While cancer itself does not discriminate, there are deep disparities in access to care and outcomes for people in the US diagnosed with cancer based on race/ethnicity, socioeconomic status, gender identity, geography, sexual orientation and more. These disparities include people’s experiences at work.
In 2021, we started to delve into some of those distinctions with a survey solely focused on the Black/African American and Hispanic/Latine work and cancer experiences. As we looked to growing this body of work in 2022, we focused on creating one survey that could reflect the overall experiences of working people with cancer in the US as well dive into the differences in that experience across race/ethnicity and other demographics. What we continue to find across demographics is that many people have to – and want to – continue participating actively in the workforce and, thanks to ongoing advances in treatment, more and more can.
However, when compared to their white peers, we see that Black/African American respondents with cancer are:
- Nearly twice as likely (40% vs 23%) to be worried that their cancer diagnosis would negatively affect how they were treated in the workplace.
- About three times as likely (37% vs 7%) to say race or ethnicity played a negative role in how they were treated at work after their cancer diagnosis.
- More than twice as likely (45% vs 21%) to have experienced changes to their work life - both practically (hours, careers, etc.) and in their workplace relationships.
- More likely to identify a long-term negative impact on their career growth and ability to find a better job resulting from their diagnosis (38% vs 20%).
- More likely to express a need for resources and/or support programs to address workplace concerns of those who have been diagnosed with cancer (71% vs 57%).
- More concerned (46% v 26%) that their current employer/a potential future employer might discover online posts about cancer or their cancer diagnosis (i.e., via Facebook, Twitter, blog, or an interview), regardless of whether they ever posted anything on social media.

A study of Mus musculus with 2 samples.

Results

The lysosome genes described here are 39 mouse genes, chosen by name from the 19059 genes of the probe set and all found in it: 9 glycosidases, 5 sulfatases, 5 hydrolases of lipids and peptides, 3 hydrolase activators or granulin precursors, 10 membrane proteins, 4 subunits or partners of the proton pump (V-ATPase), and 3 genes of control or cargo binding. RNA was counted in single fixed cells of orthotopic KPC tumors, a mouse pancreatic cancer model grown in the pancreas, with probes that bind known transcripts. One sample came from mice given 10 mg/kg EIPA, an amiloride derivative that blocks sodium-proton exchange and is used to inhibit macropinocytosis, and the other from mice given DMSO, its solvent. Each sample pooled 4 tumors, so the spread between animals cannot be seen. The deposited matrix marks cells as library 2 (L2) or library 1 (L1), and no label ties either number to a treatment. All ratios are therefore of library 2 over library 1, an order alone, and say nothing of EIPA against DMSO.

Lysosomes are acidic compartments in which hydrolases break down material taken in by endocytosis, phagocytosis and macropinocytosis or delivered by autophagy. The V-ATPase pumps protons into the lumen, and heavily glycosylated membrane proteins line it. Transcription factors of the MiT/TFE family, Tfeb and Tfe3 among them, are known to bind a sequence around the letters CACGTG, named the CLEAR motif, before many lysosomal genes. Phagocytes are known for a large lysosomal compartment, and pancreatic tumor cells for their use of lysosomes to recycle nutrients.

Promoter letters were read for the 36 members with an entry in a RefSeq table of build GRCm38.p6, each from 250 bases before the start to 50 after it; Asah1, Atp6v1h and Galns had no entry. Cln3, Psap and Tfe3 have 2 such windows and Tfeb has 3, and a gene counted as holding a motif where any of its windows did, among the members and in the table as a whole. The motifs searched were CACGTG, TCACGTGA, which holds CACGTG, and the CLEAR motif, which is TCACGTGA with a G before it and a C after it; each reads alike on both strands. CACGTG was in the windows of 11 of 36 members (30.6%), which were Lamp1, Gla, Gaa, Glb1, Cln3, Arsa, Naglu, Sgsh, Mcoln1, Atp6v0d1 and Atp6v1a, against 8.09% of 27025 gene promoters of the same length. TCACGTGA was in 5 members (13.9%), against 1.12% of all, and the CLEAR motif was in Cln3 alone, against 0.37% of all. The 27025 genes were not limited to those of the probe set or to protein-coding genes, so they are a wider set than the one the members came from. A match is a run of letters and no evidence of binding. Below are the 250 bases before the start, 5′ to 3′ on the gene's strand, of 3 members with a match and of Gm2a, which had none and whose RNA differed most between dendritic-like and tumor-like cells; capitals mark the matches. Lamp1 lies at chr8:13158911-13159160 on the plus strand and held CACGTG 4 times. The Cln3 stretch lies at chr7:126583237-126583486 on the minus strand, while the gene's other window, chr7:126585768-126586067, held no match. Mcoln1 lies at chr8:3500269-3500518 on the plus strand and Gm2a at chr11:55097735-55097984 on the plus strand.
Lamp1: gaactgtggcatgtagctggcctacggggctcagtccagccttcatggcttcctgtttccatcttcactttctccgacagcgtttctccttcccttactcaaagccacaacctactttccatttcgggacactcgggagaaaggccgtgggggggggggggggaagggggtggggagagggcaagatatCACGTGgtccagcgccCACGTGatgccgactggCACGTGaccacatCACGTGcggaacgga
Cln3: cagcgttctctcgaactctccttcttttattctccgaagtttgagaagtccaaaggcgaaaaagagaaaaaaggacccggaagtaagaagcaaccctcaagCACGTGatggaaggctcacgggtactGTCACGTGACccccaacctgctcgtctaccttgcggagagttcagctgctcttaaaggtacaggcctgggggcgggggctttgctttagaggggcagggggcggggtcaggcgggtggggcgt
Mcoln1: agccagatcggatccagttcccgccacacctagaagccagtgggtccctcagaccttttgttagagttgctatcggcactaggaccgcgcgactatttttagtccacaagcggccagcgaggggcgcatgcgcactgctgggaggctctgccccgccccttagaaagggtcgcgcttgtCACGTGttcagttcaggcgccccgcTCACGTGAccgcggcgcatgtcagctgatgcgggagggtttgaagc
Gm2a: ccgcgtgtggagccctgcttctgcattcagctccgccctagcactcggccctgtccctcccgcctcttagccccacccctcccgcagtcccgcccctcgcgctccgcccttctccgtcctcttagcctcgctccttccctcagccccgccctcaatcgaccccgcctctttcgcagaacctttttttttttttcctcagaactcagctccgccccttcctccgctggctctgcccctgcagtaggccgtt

Beyond reporting on data points, this research tells us that there is a lot of work to be done to better support this part of our community at work. Cancer and Careers is committed to bridging these gaps by continuing our efforts to understand the specific needs of all facets of our audience; sharing those learnings with the cancer community, employers and the public; and providing diverse content, programs and services to meet the growing needs of our whole community.
The research was conducted online in the United States by The Harris Poll on behalf of the Cosmetic Executive Women Foundation among 905 US adults age 18+ who have been diagnosed with cancer and are either employed full time, part time, or unemployed but looking for work. The survey was conducted between August 22nd through September 19th, 2022.
Data are weighted where necessary by age by gender, education, race/ethnicity, region, household income, employment status, and propensity to be online to bring them in line with their actual proportions in the population. Respondents for this survey were selected from among those who have agreed to participate in our surveys. The sampling precision of Harris online polls is measured by using a Bayesian credible interval. For this study, the sample data is accurate to within + 4.2 percentage points using a 95% confidence level. This credible interval will be wider among subsets of the surveyed population of interest.
All sample surveys and polls, whether or not they use probability sampling, are subject to other multiple sources of error which are most often not possible to quantify or estimate, including, but not limited to coverage error, error associated with nonresponse, error associated with question wording and response options, and post-survey weighting and adjustments.